Did you know 280 Australians develop diabetes everyday? That’s one person every 5 minutes whose body cannot maintain healthy levels of glucose int he blood.
Diabetes is a complex condition which can affect the entire body. Diabetes requires daily self care and if complications develop, diabetes can have a significant impact on quality of life and can reduce life expectancy. While there is currently no cure for diabetes, you can live an enjoyable life by learning about the condition and effectively managing it.
Here are some amazing tips to help you balance blood sugar and prevent diabetes.
1. Cut out processed food and refined sugars; think ‘white’ foods like cakes, bread, biscuits etc.
Diets high in refined carbohydrates and sugar contribute to blood sugar imbalance and increase your risk of metabolic disease. Examples of refined and high-sugar foods include white bread, biscuits, cakes, processed cereals, etc. Foods like this causes spikes in blood sugar and insulin, which will increase risk of developing diabetes.
2. Up your intake of whole grains (e.g. rice and quinoa), legumes (e.g. lentils) and pulses (e.g. chickpeas).
Whole grains, legumes and pulses should feature regularly in your diet and can take the place of refined grains and carbohydrates, if you are trying to cut out the latter. Whole grains and legumes don’t contain individual ‘super nutrients’ that explain their beneficial effect, rather it’s the whole package that benefits your health. These foods are complex mix of compounds that benefit health. For example, fibre to regulate digestion and sustain blood sugar levels, vitamins, minerals and phytochemicals that contribute to healthy metabolism, help to reduce inflammation and support overall wellbeing.
3. Get plenty of ‘good’ fats in your diet from avocado, olive oil, nuts, seeds, oily fish, etc.
The type of fat you consume will also impact on your risk of metabolic disease and diabetes. Fats should feature regularly in your diet, and ideally they should be monounsaturated fats (found in olive oil, avocado, nuts, etc), omega 3 fatty acids (found in oily fish such as salmon and mackerel, walnuts, etc), with some saturated fats (found in coconut oil, grass fed butter and free range meats). Avoid trans-fatty acids, which are found in margarines, fried foods, and many packaged / processed foods, as these promote inflammation and can increase risk for disease such as diabetes.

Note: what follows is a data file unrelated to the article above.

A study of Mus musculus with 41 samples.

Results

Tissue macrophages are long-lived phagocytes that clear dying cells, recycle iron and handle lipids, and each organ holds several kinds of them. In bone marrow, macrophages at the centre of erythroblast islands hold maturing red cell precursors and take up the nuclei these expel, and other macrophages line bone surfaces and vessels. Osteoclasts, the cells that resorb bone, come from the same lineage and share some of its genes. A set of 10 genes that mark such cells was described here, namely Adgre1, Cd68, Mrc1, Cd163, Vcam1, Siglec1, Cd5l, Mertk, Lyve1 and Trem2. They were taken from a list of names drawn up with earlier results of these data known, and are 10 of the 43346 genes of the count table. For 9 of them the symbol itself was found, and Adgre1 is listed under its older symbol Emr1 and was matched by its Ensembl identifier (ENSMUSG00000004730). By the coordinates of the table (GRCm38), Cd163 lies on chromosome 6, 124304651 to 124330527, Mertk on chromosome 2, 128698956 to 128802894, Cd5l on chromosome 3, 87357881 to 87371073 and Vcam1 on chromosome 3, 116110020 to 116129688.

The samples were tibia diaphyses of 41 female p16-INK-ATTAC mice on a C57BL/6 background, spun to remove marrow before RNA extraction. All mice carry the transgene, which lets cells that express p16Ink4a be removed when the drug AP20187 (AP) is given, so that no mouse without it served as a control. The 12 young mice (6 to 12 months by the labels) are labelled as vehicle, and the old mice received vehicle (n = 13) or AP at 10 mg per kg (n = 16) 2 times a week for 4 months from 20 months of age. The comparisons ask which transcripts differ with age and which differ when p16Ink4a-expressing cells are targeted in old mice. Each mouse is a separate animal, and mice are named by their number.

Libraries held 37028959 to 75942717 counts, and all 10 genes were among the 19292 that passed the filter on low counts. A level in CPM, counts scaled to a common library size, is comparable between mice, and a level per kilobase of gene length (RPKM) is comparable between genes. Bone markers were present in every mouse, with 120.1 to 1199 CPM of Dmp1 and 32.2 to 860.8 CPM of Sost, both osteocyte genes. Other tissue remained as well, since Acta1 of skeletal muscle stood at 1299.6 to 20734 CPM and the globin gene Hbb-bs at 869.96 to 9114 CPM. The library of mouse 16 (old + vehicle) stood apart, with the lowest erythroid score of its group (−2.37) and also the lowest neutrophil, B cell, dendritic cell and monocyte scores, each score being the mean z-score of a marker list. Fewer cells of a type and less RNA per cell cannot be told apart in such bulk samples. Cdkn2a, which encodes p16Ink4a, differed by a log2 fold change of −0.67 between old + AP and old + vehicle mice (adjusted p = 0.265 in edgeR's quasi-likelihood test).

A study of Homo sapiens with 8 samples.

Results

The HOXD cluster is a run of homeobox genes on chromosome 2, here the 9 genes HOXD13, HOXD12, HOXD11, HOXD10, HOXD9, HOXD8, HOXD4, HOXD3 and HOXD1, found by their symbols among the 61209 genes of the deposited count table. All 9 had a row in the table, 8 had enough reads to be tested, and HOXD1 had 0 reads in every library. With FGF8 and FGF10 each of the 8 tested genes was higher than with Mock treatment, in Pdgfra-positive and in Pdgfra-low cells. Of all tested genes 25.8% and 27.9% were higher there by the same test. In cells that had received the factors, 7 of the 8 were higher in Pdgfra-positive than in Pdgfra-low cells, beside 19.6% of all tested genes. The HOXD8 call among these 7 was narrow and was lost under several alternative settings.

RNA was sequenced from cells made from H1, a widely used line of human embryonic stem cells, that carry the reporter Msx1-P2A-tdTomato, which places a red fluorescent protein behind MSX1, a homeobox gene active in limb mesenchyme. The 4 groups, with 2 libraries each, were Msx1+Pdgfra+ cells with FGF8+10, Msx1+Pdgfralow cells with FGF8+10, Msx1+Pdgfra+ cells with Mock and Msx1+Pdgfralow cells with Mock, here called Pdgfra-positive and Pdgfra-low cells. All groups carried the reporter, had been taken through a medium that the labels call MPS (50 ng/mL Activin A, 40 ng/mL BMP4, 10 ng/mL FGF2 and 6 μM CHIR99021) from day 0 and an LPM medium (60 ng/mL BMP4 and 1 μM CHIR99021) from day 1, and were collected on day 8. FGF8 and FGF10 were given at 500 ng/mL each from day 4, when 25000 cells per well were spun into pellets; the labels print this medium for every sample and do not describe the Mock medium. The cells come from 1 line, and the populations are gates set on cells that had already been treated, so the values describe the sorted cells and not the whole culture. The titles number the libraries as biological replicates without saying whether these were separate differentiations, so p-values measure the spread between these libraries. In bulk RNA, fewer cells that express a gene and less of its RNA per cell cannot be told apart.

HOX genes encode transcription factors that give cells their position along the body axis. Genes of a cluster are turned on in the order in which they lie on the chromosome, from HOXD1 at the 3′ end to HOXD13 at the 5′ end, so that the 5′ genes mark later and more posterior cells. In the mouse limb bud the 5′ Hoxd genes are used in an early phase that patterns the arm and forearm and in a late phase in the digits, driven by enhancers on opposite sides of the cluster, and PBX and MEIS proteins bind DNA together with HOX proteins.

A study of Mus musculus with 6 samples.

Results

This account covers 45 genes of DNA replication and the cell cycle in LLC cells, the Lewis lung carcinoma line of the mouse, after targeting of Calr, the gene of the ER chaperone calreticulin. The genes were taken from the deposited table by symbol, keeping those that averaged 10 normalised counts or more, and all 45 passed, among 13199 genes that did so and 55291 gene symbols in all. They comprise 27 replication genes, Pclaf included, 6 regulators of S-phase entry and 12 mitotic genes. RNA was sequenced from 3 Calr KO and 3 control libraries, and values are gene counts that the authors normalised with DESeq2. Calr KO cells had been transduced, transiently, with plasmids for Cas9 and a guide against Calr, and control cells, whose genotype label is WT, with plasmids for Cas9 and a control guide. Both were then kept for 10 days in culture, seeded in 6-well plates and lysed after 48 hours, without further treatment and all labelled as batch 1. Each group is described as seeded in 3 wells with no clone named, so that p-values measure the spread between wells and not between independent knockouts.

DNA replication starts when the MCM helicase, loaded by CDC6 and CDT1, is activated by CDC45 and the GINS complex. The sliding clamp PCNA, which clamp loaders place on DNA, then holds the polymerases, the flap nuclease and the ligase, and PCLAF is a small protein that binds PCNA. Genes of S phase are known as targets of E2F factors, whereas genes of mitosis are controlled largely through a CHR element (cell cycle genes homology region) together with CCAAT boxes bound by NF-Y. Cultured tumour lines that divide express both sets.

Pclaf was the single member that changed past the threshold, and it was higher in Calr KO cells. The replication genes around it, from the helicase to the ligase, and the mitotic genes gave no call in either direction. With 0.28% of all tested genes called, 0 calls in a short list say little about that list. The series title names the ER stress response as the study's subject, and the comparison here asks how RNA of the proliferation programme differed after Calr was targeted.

4. Move your body, preferably every day for at least half an hour.
A sedentary lifestyle contributes to many lifestyle diseases, including diabetes. Regularly exercising improves circulation, heart health, reduces fat and promotes adequate muscle mass. Obesity and overweight significantly contribute to the risk of developing metabolic disease. So, by reducing weight and fat to a healthy level, while increasing muscle mass through exercise, you will improve your cells ability to use insulin and regulate blood glucose levels.
5. Drink water the most, herbal teas anytime, coffee occasionally and alcohol rarely.
Adequate hydration is extremely important for all aspects of health, including blood sugar balance. Drinking water or non-caffeinated herbal tea regularly throughout the day is the best way to keep your fluids up. Steer clear of sugary drinks (soft drink, juices, etc) as these significantly contribute to disease and diabetes risk over time. Coffee and caffeinated tea can be an enjoyable occasional drink – 1 or 2 per day may be fine – but should not be relied upon as your major fluid intake. Alcohol on occasion, if you drink it, can also be included into a balanced diet and lifestyle but shouldn’t be drunk every day or to excess, as this is strongly associated with hear disease, diabetes and even cancer.
For more advice on how to reduce your risk of developing diabetes, or to find out what steps you specifically can take to improve your health, make a time to talk to Kathleen in the clinic.